Seed World

What Does a Wet Growing Season Mean for Weed Control?

It might not earn a spot in the record books everywhere, but 2019 will likely be etched in the memory of many farmers and the agriculture industry as one of the most challenging growing seasons in recent history.

Boyd Carey, regional agronomy lead for Bayer Crop Science, considers the current calendar year to be “unprecedented” in his 25 years in the industry. Uncertainty in the farm economy, coupled with the struggle to get crops planted, has really upped the pressure on farmers and the professionals who serve them. 

The season has presented unique challenges in all aspects of crop production, and weed control is among them. “We always have weeds, but higher soil moisture levels typically mean we see even more weed pressure and repeated germination of new flushes. Because the rain delayed farmers from getting in to the fields, the moist and warm growing conditions at planting were very favorable for both the crops and weeds to emerge and grow very quickly,” Carey says.

Boyd Carey, regional agronomy lead for Bayer Crop Science.

Carey notes there haven’t been major surprises in terms of new weeds due to the extra moisture, but the times at which they germinate or appear within the soybean growing cycle has been impacted.

“The wet weather shifted soybean planting later, so the weeds we’re used to seeing at certain points of the soybean growing cycle may be different than usual,” he says. For instance, some fields likely saw less giant ragweed, an early-germinating weed, but water hemp, a weed that germinates later into the season, could be more prevalent and soybean canopies may not be adequate to hold it back.

“Weed species may have shifted this year, but the populations are still there,” Carey says.

The Ability to Adjust

In a year like this one, having the ability to adjust when herbicide applications are made is critical, and it’s an option that users of the Roundup Ready Xtend Crop System are relying on in 2019. XtendiMax herbicide with VaporGrip Technologycan be applied pre-plant in soybeans or anytime through soybean germination and up to 45 days after planting or the R1 growth stage, whichever comes first, Carey says.  Check your individual situation for potential state-specific application cut-off dates.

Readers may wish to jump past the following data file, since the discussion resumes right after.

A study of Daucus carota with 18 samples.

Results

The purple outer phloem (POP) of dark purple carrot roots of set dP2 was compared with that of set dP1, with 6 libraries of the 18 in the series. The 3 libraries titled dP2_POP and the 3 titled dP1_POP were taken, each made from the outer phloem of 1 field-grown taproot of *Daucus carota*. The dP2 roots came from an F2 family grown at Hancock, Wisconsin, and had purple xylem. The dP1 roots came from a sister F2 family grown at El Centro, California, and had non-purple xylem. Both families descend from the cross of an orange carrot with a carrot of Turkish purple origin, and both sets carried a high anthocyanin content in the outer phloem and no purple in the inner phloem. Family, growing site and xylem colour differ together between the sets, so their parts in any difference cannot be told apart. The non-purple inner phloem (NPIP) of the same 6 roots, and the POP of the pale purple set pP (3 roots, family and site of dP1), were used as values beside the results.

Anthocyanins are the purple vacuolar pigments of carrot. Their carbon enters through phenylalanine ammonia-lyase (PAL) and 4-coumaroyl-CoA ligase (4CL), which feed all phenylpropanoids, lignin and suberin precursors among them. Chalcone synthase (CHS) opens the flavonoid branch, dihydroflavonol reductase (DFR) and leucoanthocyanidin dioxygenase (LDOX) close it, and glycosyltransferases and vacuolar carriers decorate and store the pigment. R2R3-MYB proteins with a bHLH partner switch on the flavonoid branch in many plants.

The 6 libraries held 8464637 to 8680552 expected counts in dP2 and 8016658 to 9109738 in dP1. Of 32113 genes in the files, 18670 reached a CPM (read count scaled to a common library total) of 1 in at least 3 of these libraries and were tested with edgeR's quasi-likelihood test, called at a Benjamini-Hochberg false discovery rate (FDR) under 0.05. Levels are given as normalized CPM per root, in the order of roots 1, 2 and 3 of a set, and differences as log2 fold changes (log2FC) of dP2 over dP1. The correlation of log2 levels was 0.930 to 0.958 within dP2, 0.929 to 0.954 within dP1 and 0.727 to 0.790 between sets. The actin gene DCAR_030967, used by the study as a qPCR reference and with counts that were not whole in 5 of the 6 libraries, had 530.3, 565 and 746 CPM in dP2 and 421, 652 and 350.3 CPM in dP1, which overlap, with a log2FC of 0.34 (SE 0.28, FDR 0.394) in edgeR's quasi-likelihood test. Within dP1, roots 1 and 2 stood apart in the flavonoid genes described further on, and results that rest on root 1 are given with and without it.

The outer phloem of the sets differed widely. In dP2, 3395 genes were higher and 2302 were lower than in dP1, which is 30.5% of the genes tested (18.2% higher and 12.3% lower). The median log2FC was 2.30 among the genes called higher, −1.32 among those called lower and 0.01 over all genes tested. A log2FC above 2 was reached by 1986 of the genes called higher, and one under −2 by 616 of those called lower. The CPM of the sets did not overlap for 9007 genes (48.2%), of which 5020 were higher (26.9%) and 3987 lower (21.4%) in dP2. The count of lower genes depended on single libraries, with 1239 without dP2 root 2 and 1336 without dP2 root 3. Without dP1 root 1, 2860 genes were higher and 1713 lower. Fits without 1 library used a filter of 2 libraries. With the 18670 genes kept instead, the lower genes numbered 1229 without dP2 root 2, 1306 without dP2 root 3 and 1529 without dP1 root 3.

“There can be a lot of pressure on farmers with many acres, or retailers with many commercial customers, to get herbicides applied, and this year that window of time is compressed. The benefit of the Roundup Ready Xtend Crop System is that they can adjust that timing across their operations to manage the overall workload requirements,” he adds.

He notes that most herbicides designed for post-emergence use in soybeans must be applied before flowering, resulting in an extended period of time after flowering initiation when weed control is still needed but other options are limited. “The only way to get that weed control is through soil activity, so the additional 14 days of soil activity that XtendiMax with VaporGrip Technology offers on certain small-seeded broadleaf weeds is very critical,” Carey says.

In some regions of the country where the spring rains tapered off and drier than normal conditions have set in, farmers are finding that XtendiMax with VaporGrip Technology and Warrant Herbicide work well together to control germinating weeds when moisture levels are fluctuating.

“From a soil activity standpoint, XtendiMax with VaporGrip Technology and Warrant complement each other. Xtendimax with VaporGrip Technology provides soil activity on certain germinating weeds, even with very limited soil moisture. It gets to work right after it’s applied. Warrant is a true residual in that it does require more moisture to be activated, but it provides a much longer residual effect. That makes the two an ideal combination,” Carey says.